Okay, all right.  Permission to matter blah blah blah stakes whatever man.  What’s the DEAL?

The deal is, you’re going to have to play with these concepts until you can arrange them into a formula that works for you.  Your goal is to internalize them so that they influence what you create on an unconscious level—mental muscle memory as it were.

Just by reading about this, even if you don’t buy it, you are pouring ingredients one into the other and back.  The dance of temperance leads to more informed decisions and greater consciousness.

Here’s another thing to keep in mind:  Stories resolve.  That means they have an endgame, a way for a storyteller to say “I’m Done”.  This is often personified in the conflict—tension—resolution story formula.

This is actually harder than it looks.  Many writers can’t bear the thought of a resolution.  It’s much easier to do what’s called false tension, where you introduce a conflict, build up tension, and then back off from the resolution by removing the source of the conflict in some way.  They are revoking the principle of Permission To Matter for saw tooth storytelling.

Saw tooth storytelling is a kind of zilchplay.  But it carries with it another danger—running out of narrative ammunition.  There are only so many conflicts you can introduce before you begin to repeat yourself.  There are only so many conflicts you can repeat before the tension vanishes.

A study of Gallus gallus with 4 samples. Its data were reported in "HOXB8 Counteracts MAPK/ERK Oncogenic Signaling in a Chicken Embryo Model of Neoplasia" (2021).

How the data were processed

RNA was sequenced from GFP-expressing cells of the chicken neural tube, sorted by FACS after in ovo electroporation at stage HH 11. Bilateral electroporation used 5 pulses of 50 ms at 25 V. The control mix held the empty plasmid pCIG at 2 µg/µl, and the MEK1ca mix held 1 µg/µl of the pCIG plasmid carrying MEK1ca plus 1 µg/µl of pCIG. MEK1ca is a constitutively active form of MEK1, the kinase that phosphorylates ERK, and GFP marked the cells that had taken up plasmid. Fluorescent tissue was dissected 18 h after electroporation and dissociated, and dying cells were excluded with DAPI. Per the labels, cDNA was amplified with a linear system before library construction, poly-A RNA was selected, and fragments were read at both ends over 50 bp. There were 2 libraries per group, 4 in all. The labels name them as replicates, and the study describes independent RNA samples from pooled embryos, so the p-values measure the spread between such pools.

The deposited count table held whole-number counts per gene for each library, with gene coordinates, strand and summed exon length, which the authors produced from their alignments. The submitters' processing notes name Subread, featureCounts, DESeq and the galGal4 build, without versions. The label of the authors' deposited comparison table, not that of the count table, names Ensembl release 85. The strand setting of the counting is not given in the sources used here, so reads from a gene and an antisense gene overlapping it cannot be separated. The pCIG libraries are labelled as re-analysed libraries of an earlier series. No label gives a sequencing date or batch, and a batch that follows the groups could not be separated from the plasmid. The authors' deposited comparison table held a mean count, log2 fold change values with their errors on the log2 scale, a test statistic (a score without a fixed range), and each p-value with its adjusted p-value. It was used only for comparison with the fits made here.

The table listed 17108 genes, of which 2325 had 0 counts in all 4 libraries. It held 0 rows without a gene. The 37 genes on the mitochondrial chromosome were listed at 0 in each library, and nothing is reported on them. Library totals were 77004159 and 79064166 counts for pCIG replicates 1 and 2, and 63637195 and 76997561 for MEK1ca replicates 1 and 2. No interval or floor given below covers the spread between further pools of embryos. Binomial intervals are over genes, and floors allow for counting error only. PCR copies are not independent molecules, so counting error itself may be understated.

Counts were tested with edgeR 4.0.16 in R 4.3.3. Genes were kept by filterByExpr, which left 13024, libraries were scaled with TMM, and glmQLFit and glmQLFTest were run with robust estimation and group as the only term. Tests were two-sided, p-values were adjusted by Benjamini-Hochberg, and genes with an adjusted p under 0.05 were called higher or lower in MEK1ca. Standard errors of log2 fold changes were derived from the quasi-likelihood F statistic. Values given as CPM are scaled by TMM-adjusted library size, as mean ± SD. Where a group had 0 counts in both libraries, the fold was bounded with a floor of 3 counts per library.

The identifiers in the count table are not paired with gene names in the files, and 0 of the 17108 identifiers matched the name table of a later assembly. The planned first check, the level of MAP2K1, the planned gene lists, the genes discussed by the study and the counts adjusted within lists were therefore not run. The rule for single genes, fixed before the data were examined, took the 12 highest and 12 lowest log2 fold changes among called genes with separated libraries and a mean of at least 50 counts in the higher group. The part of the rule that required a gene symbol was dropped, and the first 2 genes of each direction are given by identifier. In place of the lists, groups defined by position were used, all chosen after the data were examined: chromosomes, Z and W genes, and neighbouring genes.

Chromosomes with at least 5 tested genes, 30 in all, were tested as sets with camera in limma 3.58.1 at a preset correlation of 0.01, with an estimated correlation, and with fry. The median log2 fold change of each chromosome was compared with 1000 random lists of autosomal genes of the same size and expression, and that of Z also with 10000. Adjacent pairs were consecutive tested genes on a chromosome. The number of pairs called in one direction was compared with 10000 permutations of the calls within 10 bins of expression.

Think of it in half-life terms.  The first time the girl detective is faced with “follow my dream or please daddy’s image of me” is 100% tense.  The next time, 50%.  After that your audience is going to stop caring.

Get on with it.  Consequences are thrilling and exciting.  They inspire meditations—what if girl detective decides to please her daddy and become a hippy painter like him?  Is following her dream worth the cost?  Is it even right?  Or is it a case of “whoa that was a close one, that’s so cool she made the right decision?  OMG what if she hadn’t followed her dream?”

Keeps you awake at night.

What you’re looking for is a steady reward cycle.  Reader is rewarded for following the story.  Characters who do stuff are cool.  It keeps the narrative clip loaded and firing, bang bang bang.  If you keep firing and never hitting anything, you’re just wasting shots and soon to run out of places to go.

So here’s a simple formula:  Character plus setting equals situation—Resolve, repeat until done.

  • Newbie woman engineer plus starship equals keeping things running smoothly, or
  • Girl detective plus high school equals solving mysteries without flunking, or
  • Humaniform alien female plus stuck on earth while making escape ship equals survive culture shock without being discovered

You don’t have to buy it, just consider it.